Some 42% of them picked health care as the top issue for choosing a nominee, compared with 21% favoring climate change, 18% picking income inequality and 13% going with foreign policy.
These findings comes after health care XLV, +1.98% was the No. 1 issue for all voters in the 2018 midterm elections, according to exit polls conducted at that time. Pollsters said this week that they conduct entrance polls for the Iowa caucuses rather than exit polls because the latter aren’t feasible as all caucus goers leave their locations at the same time.
The results for the Iowa caucuses were delayed Monday night by a problematic app and what officials called “quality checks” related to new reporting rules, in an unforeseen wrinkle that clouded the party’s first 2020 nominating contest. The state’s Democratic officials promised to release most of the delayed results by 5 p.m. Eastern time Tuesday.
In the fight to become the Democratic presidential nominee in 2020, Sen. Bernie Sanders of Vermont and Sen. Elizabeth Warren of Massachusetts have backed a “Medicare for All” approach that doesn’t have a role for private insurers, while former Vice President Joe Biden; former South Bend, Ind., Mayor Pete Buttigieg; and Sen. Amy Klobuchar of Minnesota have supported the maintenance of private insurance.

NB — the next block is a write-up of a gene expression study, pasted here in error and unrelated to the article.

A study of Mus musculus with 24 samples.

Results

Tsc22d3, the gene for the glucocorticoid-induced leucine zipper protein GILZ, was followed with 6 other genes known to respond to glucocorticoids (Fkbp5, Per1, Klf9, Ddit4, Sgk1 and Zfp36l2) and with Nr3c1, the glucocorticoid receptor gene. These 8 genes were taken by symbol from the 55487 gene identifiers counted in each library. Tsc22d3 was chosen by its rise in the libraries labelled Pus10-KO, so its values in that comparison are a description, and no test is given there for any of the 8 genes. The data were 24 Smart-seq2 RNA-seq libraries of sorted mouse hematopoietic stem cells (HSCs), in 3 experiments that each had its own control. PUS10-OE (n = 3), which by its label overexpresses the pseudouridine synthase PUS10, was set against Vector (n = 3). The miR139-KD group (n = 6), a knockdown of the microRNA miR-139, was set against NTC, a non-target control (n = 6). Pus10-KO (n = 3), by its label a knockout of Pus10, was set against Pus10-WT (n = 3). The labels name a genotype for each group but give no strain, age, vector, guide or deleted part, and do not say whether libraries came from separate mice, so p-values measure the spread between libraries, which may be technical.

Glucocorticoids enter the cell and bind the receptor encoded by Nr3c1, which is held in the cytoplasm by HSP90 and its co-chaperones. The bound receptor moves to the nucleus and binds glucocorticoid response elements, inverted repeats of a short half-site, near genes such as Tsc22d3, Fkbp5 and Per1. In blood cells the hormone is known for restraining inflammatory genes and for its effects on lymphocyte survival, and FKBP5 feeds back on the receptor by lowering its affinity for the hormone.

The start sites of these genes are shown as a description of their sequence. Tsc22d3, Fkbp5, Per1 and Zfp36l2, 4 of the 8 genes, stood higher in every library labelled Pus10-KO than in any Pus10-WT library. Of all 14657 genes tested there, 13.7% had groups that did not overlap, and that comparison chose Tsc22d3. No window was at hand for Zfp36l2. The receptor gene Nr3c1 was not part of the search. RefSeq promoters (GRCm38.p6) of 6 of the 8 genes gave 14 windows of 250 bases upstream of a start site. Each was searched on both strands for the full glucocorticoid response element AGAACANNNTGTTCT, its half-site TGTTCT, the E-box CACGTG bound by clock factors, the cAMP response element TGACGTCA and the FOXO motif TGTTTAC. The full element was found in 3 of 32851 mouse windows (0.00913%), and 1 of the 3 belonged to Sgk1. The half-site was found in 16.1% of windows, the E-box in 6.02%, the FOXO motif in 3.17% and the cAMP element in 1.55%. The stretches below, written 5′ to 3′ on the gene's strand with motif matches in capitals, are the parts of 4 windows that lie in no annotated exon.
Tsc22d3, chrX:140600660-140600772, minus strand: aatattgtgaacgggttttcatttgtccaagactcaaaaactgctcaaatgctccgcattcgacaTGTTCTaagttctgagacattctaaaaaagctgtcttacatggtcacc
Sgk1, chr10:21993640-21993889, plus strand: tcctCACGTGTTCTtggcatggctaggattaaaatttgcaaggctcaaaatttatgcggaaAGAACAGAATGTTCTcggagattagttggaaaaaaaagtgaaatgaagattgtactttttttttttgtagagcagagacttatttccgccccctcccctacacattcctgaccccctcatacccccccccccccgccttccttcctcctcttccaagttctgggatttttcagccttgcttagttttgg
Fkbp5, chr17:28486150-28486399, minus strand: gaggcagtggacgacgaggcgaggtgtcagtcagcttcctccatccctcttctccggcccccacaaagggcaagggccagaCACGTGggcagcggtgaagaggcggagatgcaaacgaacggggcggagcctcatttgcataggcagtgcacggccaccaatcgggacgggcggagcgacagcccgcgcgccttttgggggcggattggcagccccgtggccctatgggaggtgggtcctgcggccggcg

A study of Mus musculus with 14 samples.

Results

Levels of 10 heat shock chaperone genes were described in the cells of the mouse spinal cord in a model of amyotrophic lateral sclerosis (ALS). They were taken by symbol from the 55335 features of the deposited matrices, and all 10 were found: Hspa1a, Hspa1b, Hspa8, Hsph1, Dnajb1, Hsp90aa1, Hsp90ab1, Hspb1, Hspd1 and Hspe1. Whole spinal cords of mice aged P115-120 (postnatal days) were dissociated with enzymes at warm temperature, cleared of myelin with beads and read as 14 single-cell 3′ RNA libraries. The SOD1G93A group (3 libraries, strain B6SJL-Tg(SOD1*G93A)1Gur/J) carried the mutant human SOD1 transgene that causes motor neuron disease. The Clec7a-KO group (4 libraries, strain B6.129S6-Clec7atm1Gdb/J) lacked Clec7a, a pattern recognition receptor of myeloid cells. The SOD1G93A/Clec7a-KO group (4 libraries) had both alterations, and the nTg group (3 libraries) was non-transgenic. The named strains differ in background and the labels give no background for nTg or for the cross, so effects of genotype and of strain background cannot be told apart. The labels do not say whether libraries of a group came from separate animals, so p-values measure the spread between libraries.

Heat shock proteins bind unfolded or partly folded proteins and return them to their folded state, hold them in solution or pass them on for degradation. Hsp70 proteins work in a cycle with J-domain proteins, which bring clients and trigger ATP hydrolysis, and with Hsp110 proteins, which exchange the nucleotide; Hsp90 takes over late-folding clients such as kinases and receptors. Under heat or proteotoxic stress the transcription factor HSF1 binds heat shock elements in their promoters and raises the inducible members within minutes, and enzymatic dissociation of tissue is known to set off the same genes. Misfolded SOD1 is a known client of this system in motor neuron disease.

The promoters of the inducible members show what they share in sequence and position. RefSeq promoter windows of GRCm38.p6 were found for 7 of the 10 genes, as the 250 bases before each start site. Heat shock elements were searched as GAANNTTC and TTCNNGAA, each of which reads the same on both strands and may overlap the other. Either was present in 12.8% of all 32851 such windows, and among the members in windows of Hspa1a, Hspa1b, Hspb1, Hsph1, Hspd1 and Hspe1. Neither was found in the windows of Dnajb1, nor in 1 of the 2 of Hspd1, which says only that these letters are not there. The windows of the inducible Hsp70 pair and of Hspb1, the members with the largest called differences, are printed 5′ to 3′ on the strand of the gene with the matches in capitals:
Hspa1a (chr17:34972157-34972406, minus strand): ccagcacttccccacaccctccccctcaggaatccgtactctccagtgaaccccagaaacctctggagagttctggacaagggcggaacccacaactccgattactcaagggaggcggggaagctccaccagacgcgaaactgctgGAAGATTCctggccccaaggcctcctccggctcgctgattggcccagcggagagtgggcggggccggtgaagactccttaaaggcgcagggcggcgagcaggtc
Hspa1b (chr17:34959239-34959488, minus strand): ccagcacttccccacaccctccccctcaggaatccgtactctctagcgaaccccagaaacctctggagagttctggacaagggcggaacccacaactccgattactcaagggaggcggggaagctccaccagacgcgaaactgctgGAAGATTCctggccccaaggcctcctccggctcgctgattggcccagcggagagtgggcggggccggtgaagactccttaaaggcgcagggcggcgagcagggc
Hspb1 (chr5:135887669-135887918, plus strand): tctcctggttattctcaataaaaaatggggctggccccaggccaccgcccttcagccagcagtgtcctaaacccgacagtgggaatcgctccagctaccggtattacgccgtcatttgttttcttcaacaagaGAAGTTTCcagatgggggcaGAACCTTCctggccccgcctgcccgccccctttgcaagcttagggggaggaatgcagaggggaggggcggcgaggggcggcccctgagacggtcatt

See: Kill off the health insurers? ‘Medicare for All’ is a point of contention in Democratic debate
And read: Managed-care stocks jump on delay for Warren’s ‘Medicare for All’ plan
In 2019, the divided Congress and the Trump administration focused on measures that could rein in rising drug prices after health care figured prominently in the 2018 midterms. Meanwhile, drug makers PJP, +1.78% ramped up their lobbying spending.
Related: Pelosi’s drug-pricing bill passes House, but pharma stocks are up as it’s unlikely to become law
Ahead of President Donald Trump’s State of the Union address on Tuesday, analysts are speculating that he may highlight a push for an international pricing index, or IPI, that would link the drug prices paid by Medicare to the lower prices paid overseas.